Mr. Frank graduated from Haverford College in Pennsylvania in 1976 with a degree in philosophy. He went on to earn a master’s from the interdisciplinary program the Committee on Social Thought at the University of Chicago.
He soon embarked on a career in publishing. As an editorial assistant at Harcourt Brace Jovanovich, he brought a copy of The Times to work every morning, and a young woman in the book design department would often perch on his desk to get a look at it.
That was Ms. Lowy. They married in 1982. In addition to her, he is survived by three sons, Jasper, Lucas and Cole, and one grandson. Mr. Frank lived in Manhattan.
Despite his responsibilities running Pantheon, Mr. Frank remained attentive to individual books and writers. James Gleick, for one, worked with Mr. Frank on all his books, starting in the 1980s, when Mr. Frank spotted an article that Mr. Gleick had written in The New York Times Magazine and commissioned him to expand it into a book, his first, the best-selling “Chaos: Making a New Science.”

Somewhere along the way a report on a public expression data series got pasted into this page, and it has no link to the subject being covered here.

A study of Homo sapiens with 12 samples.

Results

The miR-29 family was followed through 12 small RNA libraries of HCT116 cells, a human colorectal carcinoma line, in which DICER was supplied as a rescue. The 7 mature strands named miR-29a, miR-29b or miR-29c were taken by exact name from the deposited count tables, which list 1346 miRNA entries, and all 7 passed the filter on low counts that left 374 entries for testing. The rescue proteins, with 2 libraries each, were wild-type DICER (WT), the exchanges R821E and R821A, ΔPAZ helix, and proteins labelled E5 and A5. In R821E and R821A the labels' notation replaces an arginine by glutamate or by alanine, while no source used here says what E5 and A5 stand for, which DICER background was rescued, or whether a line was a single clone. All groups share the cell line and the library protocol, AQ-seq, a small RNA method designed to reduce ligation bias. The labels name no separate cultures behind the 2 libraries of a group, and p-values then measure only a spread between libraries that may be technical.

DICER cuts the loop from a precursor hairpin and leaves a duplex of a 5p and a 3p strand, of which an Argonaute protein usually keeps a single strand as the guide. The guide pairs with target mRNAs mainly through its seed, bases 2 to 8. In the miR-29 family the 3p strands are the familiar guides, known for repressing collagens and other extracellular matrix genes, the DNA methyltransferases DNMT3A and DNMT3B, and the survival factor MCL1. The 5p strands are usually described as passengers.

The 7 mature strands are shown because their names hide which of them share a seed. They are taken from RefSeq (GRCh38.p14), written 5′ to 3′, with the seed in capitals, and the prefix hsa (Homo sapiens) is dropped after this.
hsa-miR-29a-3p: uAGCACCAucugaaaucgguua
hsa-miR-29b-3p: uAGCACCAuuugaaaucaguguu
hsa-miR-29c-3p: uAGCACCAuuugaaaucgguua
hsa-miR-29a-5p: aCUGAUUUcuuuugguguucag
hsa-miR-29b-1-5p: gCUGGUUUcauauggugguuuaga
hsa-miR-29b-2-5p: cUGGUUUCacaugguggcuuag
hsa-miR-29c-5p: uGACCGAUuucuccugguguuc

When Mr. Gleick proposed to Mr. Frank his most recent project, which concerned time travel, Mr. Frank thought for a moment. “Oh, I see,” Mr. Gleick recalled him replying. “It’s not really going to be a book about science fiction. It’s going to be a book about time.”
That recommendation “helped me shift my thinking about the book from something that might have been a little bit trivial, something that had been done before — a survey of a bunch of science fiction literature — into something that was intended to be more ambitious,” Mr. Gleick said.
A different editor, he continued, might have thought, “There are a lot of time travel fans out there, and they’re all going to want to buy this.” Not Mr. Frank.
“Dan never thought in terms of how he could sell a book,” Mr. Gleick said. “He thought in terms of what a particular author might have in him, to make the best possible book.”